A UBS analysis has said that banks may have to adjust their target ROE given the current environment is not favourable to high profitability.
The UBS banking sector update asked whether the major’s 15 per cent ROTE targets were justifiable or sustainable in the current low interest rates.
The recent tailwinds to the banks enabled most of the RBA’s 50 basis point rate cuts to be passed through to mortgagors, however with further cuts on the way many deposit products have already hit or will hit zero interest rates.
Over the past five years there have been higher levels or regulation, compliance, and scrutiny placed on the banks and UBS said despite all that the major banks kept targeting 13.5 per cent ROE and 15 per cent ROTE across the sector.
UBS said that banks generated an ROE 6 per cent above their cost of capital at their peak between 1994 and 2015 but this was “aided by deregulation, lower levels of capital, weaker funding mix and rapid consumer leveraging”.
If banks did reach their target ROEs their relative returns would be consistent with pre-GFC levels which UBS said may be difficult to justify and may impact their ability to meet community expectations.
Currently only Westpac had provided an explicit ROE target of 13-14 per cent ROE or ROTE of 16-17 per cent, but UBS had a way to work out the targets of the other majors.
“While the other banks do not provide public targets, each of the banks' boards undertake a ‘budget’ Cash NPAT or ROE which is used as a benchmark in executive remuneration. While this is not technically the same as a public target, it provides a good indication of where the boards believe returns should land,” it said.
UBS found it concerning that the banks continued to have that target labelling it “unrealistic in the current environment”.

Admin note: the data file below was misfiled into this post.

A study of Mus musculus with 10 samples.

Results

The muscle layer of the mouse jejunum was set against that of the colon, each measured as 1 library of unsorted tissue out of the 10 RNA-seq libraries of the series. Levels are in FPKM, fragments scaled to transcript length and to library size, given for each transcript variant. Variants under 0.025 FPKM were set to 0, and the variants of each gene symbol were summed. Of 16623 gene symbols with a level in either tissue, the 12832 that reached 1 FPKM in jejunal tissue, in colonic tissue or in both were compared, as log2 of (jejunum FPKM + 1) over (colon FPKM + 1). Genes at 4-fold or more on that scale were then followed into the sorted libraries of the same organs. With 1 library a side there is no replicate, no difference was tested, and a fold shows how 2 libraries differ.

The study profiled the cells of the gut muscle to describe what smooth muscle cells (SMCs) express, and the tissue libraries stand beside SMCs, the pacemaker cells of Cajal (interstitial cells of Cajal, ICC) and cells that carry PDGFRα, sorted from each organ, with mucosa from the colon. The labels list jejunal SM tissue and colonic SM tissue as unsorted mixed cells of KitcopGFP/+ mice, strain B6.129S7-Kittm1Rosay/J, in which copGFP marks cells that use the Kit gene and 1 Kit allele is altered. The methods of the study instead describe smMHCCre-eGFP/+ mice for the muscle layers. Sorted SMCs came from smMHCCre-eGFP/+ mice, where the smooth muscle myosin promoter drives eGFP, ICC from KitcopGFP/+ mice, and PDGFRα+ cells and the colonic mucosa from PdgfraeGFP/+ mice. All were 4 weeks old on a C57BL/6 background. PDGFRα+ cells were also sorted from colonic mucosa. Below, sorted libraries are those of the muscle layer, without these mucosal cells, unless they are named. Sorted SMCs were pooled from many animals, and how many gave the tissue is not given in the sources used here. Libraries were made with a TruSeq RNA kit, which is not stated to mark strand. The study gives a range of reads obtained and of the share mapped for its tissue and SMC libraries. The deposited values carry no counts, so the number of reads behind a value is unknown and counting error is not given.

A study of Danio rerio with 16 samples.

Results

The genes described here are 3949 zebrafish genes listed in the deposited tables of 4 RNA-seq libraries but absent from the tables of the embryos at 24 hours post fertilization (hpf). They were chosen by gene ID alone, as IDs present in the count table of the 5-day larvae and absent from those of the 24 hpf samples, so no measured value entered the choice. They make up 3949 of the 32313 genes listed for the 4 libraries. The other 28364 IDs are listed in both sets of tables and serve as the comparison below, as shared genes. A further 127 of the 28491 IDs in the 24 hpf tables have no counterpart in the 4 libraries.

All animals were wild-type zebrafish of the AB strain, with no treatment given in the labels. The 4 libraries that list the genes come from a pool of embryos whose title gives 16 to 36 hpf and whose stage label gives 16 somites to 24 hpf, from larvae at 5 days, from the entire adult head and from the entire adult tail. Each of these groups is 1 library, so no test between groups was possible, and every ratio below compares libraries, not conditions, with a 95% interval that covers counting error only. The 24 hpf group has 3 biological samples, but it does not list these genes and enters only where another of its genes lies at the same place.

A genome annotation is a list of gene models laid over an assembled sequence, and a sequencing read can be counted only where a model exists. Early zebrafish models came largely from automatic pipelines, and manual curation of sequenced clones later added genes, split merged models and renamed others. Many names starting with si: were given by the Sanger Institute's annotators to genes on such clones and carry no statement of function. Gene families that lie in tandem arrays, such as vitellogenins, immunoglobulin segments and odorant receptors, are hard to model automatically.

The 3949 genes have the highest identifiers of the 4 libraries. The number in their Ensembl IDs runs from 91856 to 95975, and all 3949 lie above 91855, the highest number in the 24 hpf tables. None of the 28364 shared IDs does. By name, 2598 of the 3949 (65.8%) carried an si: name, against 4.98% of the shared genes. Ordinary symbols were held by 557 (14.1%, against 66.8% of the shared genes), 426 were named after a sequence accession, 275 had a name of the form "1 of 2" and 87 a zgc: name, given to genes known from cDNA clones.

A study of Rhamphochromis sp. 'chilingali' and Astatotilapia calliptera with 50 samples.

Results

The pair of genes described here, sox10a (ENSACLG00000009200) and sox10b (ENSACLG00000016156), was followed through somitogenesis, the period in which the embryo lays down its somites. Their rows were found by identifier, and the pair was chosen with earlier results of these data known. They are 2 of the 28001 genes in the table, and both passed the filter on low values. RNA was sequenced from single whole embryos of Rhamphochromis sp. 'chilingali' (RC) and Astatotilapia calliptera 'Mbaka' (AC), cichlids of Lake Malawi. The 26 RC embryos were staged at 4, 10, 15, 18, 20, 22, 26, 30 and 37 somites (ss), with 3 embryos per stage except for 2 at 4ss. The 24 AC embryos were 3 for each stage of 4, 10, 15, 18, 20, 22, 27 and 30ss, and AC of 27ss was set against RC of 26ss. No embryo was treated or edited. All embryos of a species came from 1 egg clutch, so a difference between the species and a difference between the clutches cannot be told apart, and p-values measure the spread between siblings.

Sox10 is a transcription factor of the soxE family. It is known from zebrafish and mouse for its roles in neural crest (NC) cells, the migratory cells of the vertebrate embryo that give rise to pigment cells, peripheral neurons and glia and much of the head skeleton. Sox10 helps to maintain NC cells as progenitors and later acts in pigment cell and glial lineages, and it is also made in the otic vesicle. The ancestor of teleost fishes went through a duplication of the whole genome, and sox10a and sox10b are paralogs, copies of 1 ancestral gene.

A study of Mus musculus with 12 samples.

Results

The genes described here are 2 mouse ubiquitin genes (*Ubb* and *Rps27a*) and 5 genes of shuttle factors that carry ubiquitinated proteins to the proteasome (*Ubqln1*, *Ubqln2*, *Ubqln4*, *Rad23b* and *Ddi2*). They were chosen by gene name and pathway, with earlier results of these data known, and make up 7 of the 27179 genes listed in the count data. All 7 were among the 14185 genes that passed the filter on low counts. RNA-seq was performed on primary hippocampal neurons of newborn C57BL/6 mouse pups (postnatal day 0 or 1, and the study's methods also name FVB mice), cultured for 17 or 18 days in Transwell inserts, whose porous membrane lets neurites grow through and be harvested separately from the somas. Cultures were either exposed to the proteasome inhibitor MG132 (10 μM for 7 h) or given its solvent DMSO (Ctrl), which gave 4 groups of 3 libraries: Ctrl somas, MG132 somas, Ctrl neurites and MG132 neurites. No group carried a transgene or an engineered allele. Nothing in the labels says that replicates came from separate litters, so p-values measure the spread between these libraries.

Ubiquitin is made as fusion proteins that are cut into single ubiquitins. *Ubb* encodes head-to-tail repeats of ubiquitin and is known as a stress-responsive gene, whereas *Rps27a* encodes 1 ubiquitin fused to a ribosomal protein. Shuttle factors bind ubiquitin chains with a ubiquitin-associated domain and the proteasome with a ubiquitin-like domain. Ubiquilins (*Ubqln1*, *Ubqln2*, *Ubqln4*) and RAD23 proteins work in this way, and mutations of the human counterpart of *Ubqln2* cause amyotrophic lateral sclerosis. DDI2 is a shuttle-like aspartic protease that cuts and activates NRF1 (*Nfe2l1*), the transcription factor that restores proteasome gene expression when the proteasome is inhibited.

“We believe that if management are held to these targets (especially for remuneration purposes) there is an incentive not to pass further RBA interest rate cuts through to borrowers given the negative impact on NIM," UBS said.
“Thus, it is also arguable that such elevated ROE targets by the banks may inhibit the effective implementation of monetary policy.”
If interest rates continue to fall and deposit spreads fall toward zero the major banks’ competitive advantage would be eroded particularly if banks attempt to maintain profitability and not pass on further cuts.
In positive news for investors UBS said it believed a credit crunch was less likely in Australia due to APRA’s removal of the serviceability floor and the re-election of the coalition.
“We believe that the regulators have not indicated that they pursue ‘what it takes’ to avoid a hard landing; however the Australian housing market is not out of the woods and the fundamentals remain very stretched given house price-to-income multiples,” UBS said.
Despite this UBS remained cautious on the Australian banks, questioning whether the “treatment is worse than the disease if further stimulus from the RBA, APRA and government is required”.